In the fall of 2011, I completed my thesis for my public policy minor, entitled, “Finding a way to fund: Investigating small-amount federal funding methodologies.” My thesis built on the work I had done with the WISE program earlier that year, exploring options for federal provision of small-amount ($5,000 – $50,000) funding to early-stage development organizations. The paper explored five distinct funding methodologies – grants, debt loans, contests, crowdfunding and equity investment – through interviews with relevant experts and reviews of existing literature on the methodologies. Although there was insufficient quantitative evidence to draw a firm conclusion about an “optimal” method for funding the projects described above, primary conclusions included:
- Funding should be pursued through non-governmental agencies: The bureaucratic inflexibility of the federal government makes it ill-suited to funding small-scale projects with any degree of nimbleness. Funding for projects like these is better pursued through public-private partnerships or quasi-governmental organizations.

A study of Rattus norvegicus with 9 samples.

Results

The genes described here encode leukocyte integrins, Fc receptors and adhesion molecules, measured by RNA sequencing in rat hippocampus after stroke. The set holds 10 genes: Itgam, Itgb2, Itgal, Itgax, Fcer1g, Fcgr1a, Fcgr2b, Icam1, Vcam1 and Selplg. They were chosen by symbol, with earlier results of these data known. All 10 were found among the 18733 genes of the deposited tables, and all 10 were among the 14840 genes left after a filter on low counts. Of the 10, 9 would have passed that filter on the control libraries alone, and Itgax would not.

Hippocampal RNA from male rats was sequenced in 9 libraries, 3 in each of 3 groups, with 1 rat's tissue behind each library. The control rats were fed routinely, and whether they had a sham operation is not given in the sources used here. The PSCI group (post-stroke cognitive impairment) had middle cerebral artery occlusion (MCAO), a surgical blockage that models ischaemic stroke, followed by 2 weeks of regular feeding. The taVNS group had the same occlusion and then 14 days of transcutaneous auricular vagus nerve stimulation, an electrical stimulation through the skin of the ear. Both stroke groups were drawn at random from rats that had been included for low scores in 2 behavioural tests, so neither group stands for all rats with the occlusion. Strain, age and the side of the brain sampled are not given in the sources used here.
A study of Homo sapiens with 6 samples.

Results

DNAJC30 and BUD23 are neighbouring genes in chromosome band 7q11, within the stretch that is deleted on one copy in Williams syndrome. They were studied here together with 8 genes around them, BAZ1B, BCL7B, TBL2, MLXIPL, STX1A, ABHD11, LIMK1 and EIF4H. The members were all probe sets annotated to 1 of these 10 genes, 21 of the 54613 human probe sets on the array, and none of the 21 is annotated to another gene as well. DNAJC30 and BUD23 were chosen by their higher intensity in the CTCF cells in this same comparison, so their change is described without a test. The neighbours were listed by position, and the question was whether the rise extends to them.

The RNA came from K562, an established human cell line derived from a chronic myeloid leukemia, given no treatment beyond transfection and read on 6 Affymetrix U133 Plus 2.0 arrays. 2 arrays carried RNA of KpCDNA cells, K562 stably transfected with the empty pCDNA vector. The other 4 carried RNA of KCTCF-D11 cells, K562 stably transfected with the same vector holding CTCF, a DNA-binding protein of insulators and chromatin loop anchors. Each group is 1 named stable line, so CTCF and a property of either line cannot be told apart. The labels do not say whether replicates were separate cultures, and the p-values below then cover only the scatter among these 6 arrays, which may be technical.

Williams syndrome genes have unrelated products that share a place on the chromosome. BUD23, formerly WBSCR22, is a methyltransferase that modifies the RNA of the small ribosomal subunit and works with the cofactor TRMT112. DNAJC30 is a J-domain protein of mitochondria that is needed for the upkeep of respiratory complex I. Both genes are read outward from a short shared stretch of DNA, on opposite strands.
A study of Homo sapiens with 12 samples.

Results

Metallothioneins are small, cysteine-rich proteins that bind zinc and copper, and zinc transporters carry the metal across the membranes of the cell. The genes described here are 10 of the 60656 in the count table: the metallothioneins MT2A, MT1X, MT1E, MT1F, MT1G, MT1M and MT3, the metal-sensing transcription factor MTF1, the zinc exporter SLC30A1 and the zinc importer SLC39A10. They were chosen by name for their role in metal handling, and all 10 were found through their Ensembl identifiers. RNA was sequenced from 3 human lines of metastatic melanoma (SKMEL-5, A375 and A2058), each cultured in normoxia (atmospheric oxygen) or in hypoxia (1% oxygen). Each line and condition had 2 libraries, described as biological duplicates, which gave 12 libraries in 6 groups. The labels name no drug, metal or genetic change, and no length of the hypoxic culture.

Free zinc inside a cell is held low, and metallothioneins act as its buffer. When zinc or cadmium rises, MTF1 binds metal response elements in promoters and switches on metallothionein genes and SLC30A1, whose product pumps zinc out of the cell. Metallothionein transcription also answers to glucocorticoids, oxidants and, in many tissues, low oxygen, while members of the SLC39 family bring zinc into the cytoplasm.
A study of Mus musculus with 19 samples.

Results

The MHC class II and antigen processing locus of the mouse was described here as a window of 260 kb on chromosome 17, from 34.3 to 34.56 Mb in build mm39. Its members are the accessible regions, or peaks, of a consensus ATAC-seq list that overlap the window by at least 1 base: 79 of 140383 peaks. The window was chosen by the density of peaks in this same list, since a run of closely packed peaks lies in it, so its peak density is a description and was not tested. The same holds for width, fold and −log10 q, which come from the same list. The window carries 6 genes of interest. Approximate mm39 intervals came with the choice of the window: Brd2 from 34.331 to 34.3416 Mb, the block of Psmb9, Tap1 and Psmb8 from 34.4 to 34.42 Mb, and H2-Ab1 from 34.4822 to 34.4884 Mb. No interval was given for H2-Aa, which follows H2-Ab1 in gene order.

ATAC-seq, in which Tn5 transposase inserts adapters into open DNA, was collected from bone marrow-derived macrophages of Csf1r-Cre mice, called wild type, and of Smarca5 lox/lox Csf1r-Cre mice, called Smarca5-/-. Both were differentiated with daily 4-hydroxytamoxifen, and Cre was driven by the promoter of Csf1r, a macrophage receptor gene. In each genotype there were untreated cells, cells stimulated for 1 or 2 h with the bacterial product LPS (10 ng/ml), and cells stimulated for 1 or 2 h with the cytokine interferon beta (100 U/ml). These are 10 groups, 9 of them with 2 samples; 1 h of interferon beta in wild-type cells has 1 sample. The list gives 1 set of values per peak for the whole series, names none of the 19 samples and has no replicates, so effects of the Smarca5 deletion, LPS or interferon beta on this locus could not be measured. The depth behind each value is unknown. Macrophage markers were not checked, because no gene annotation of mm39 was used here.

- Focus on crowdfunding: Of the five methodologies examined, crowdfunding was the most promising, due to its low overhead costs and effective selection mechanisms. However, current understanding of crowdfunding mechanics is weak at best, making it impossible to implement at the federal level. Future research efforts should focus on understanding crowdfunding, so it can be brought into the federal toolkit for future programs.
- More research into funding methodologies: One of the starkest conclusions of this project was that the current state of research into the comparative advantages of different funding methodologies is spotty at best: there is little quantitative data available, and what data does exist usually focuses on a limited subset of methodologies.